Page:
Get Healthy: 4th of July is no picnic for pets
July 2, 2014
Carson City Health and Human Services
Where: 900 E. Long St., Carson City
Clinic hours: Monday-Wednesday and Friday 9 a.m. to 4 p.m., by appointment. Well-child visits are Mondays from 8 a.m. to 4 p.m. Men’s clinic is on Mondays from 4 p.m. to 6 p.m.
Call for an appointment: 775-887-2195. Thursday is immunization day. No appointment is needed from 8:30-11:30 a.m. and 1-4:30 p.m.
Douglas County Community Health
1538 U.S. Highway 395 N. (corner of Spruce Street and Cemetery Lane)
Clinic hours: Monday 8:30 a.m. to 12 p.m., Tuesday-Friday 8:30 a.m. to 4:30 p.m. Monday is immunization day from 1-4:30 p.m. No appointment is needed.
This column appears in the Nevada Appeal Wednesday health pages. It addresses topics related to the health of our community.
The rocket’s red glare, the bombs bursting in air… fireworks seem a fitting tribute to celebrate the birth of our great nation. This Friday, July 4, Americans across our great land will celebrate Independence Day with picnics, barbecues, and, of course, fireworks. Here in Carson City, residents will again be dazzled by the annual display put on by RSVP in Mills Park. However, to a pet — unaware of the festive occasion — it really does seem like a military bombardment is taking place.
Dogs find fireworks to be unfamiliar, loud and possibly frightening. While some pets take all the commotion in stride, some become nervous and destructive, and still others panic and run away.
Each year, the number of animals recovered by Carson City Animal Services during July 4 and July 5 rises dramatically.
During a normal day, about three dogs are brought in to Animal Services; last year over the holiday, there were eight. These were the lucky ones who were found and returned home.
As a pet owner, you can help keep your animal feeling safe and secure, despite the fireworks.
First, make sure your pet is kept indoors so they cannot escape from your yard in a panic.
Second, provide them with items, such as a familiar toy or blanket, that helps them feel secure. If your pet is particularly nervous around loud noises, some products, such as ThunderShirt, can be purchased at many pet supply stores and may help relieve anxiety when used properly. For the most panicky pets, a visit to the vet may be necessary to obtain medication to help them remain calm. Your veterinarian can help you decide if this is the best option for your pet.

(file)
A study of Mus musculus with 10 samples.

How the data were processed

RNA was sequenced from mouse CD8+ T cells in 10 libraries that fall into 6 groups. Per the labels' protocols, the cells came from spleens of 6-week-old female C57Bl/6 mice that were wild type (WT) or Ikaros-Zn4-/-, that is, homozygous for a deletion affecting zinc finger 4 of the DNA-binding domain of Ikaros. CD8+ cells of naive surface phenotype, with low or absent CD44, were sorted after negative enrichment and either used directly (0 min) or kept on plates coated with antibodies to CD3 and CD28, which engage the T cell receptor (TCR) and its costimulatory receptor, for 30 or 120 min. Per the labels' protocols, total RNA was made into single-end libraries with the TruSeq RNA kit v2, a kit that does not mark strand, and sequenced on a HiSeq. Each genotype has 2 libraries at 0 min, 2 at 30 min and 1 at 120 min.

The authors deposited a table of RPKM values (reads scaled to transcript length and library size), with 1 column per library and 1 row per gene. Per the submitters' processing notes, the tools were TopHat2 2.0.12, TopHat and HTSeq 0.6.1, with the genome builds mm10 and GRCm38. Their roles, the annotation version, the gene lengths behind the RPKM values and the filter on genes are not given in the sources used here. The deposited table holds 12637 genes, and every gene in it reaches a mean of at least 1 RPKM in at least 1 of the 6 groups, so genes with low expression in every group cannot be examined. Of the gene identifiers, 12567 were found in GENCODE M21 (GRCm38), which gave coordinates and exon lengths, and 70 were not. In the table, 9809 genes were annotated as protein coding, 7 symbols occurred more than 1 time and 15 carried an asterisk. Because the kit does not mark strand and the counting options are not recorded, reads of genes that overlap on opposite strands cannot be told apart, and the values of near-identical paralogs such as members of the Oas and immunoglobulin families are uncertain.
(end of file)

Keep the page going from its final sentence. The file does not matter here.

Carson City Animal Services hopes your pet will stay safe and sound at home this July 4, but if your furry friend should get loose, there is a new system in place to help you find your pet. Visit carsoncityanimalservices.org and click on the “Lost a pet?” tab at the top of the page. All the animals that have been recovered are listed here, and the listing is accurate and up-to-date. You can check here to see if your animal is at Animal Services.
There’s also a place to register your lost pet on this page, or to report a found pet.
The shelter will be open on Saturday, July 5, for adoptions and for people to reclaim lost pets.
Finally, make sure your pet is licensed. City ordinance requires every person must possess a current license for each dog they own over the age of three months. A current rabies vaccination is required to obtain a license for your dog.
If you are interested in adopting a pet, visit our Animal Services office on Butti Way, or look online at carsoncityanimalservices.org to see a list of adoptable pets at the shelter.